WCR PHOTO | CHRIS MILLER
Claire McMahon, left, and Gabrielle Kramer dared to move at the youth rally.
Learning to be people of virtue, hundreds of Catholic youth from around the archdiocese, from Grades 7 to 12, had fun connecting in faith and worship at an annual youth rally in Spruce Grove-Stony Plain.
Andrea Bedard, a Holy Trinity parishioner, has always enjoyed past rallies, and recommends them to her friends.
"It's a good experience, and you learn quite a bit. The speakers are usually really good, and we're here with friends, so it's a good time," said Andrea.
March 17 marked the 10th anniversary of the Holy Trinity Parish youth rally. Youth took the opportunity to participate in a day of Confession, Mass and adoration.
This year's theme was Dare You to Move. Plenty of movement was involved in the lively music, games, and interactive prayer activities.
As with many youth, Andrea said a highlight was listening to the three talks by Father John Gerth, pastor of St. Joseph Catholic Church in St. Petersburg, Fla. He is the only Caucasian in the African-American parish. Having spoken at past youth rallies, he was familiar to most youth, but not to Andrea.
"I like the speaker," she said.
Gerth's morning talk focused on being virtuous, which he defined as "becoming more human." Being human, being virtuous, means going against every obstacle and falsehood that the world tempts us with.
WCR PHOTO | CHRIS MILLER
Florida pastor Fr. John Gerth urged youth to 'become more human.'
"So often the world wants to make us more inhuman, and strip us down of everything that we are, and give us something that really isn't us, something false," said Gerth.
Being virtuous means having the disposition to do the right thing in every circumstance. It means being Christ for one another.
"We are called to be a people of faith, not followers of human stuff but followers of divine stuff," said Gerth.
"We come to this moment to follow Christ, to literally let the stuff of who we are be more important than the stuff of this world, to be people who are virtuous, moral and faithful."
A sheep is the most common image in Scripture of people who are faithful to God. Due to their flocking instinct and failure to act independently, sheep are not deemed overly smart. That's why a shepherd is needed to keep them safe.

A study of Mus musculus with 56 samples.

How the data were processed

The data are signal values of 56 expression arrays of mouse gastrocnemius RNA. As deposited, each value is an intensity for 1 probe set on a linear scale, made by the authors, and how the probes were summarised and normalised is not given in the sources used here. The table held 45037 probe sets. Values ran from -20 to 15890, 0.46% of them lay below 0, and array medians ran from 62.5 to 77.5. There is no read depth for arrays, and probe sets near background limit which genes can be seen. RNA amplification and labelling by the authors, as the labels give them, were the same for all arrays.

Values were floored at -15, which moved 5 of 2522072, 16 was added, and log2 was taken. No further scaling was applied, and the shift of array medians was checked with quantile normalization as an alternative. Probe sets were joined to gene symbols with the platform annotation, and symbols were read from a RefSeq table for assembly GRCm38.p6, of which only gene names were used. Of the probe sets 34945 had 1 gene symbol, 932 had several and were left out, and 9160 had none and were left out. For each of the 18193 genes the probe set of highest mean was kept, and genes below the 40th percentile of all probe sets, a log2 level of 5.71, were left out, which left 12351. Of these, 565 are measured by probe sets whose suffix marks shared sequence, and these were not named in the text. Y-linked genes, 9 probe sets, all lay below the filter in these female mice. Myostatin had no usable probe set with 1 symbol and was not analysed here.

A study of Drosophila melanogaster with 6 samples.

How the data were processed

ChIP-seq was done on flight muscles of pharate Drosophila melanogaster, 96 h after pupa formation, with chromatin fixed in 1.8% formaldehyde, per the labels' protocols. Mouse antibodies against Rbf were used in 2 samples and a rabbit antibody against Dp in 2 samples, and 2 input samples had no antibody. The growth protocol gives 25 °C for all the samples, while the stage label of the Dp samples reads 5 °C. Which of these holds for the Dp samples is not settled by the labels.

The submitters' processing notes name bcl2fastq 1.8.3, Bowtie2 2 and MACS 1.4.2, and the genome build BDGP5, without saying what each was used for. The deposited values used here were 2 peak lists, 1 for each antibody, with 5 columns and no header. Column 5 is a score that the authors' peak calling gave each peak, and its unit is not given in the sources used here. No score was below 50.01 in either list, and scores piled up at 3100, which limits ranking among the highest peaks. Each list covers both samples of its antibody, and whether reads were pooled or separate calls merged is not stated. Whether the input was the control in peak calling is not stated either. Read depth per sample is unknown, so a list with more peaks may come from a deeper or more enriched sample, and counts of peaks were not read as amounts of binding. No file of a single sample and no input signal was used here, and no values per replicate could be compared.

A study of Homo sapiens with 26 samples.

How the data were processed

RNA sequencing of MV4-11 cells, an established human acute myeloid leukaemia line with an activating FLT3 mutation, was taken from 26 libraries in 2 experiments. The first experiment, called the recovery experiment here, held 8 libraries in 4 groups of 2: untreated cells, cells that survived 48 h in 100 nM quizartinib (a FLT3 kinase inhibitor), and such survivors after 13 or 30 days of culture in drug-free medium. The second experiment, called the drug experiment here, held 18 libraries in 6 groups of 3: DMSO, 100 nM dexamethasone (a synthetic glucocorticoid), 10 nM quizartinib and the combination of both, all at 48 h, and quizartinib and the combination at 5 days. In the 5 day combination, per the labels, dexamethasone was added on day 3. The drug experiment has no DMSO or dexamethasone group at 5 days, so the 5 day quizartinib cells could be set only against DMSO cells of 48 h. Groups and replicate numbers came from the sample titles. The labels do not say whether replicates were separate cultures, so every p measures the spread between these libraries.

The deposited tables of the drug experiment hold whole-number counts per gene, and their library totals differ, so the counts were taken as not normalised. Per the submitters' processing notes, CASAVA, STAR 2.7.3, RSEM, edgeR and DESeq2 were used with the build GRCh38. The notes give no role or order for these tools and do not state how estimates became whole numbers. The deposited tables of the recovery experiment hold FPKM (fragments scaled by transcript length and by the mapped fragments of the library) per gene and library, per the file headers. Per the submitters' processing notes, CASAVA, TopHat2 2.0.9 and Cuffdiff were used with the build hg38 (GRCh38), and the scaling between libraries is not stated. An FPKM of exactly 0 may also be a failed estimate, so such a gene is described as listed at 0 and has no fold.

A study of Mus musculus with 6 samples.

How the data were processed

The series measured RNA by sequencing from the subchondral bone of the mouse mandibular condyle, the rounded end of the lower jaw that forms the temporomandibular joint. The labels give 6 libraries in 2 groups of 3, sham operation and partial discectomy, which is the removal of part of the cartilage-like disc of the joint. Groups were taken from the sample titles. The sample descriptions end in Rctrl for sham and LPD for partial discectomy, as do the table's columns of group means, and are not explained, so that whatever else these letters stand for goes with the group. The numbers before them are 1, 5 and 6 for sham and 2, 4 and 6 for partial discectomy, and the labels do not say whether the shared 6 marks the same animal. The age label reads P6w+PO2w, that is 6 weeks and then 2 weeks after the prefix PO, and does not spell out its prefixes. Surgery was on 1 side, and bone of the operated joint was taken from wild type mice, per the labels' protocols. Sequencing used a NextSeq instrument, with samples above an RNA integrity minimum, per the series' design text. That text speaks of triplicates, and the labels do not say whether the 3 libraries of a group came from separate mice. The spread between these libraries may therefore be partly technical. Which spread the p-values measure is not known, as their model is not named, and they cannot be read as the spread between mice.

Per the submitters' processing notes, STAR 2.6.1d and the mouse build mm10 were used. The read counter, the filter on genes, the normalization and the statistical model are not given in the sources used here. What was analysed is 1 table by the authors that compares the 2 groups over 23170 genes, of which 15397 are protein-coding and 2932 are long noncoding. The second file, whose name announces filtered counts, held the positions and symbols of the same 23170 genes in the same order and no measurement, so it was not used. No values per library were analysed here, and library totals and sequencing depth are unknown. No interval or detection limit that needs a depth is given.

"If we could trust in God, if we could live in him and be more human in him, amazing things could happen," said Gerth. "We don't give up who we are, but actually become more of who we are."
Gerth's message resonated with Kyla Rushton, a Holy Trinity parishioner. She has been to past rallies and always enjoyed them.
Kyla especially liked the energetic music at this event. Coming to an event with like-minded people of the same faith was a definite highlight for her.
Gerth said without the sun, the Earth would be a lifeless ball of rock and ice. The sun warms the planet, creates weather, and gives energy to plants, providing food and energy to support life. If the sun were not in the centre of the universe, all of the planets would collapse on themselves.
"When we take Christ out of the centre of our lives, we collapse on ourselves and we're left in eternal darkness, which sounds very foreboding. But we are called to be people of the light," said Gerth.
Calling the young people to build each other up, he had everyone turn to the person next to them and promise to pray for them later in the day.
"We need to remind ourselves to be people of virtue, to have the courage to do that, to live for the greater glory and honour of God, to be free," said Gerth.
"I like the talks and I like the energy," said Gabrielle Kramer, the niece of the parish's youth minister, Mike Landry, who led music throughout the day.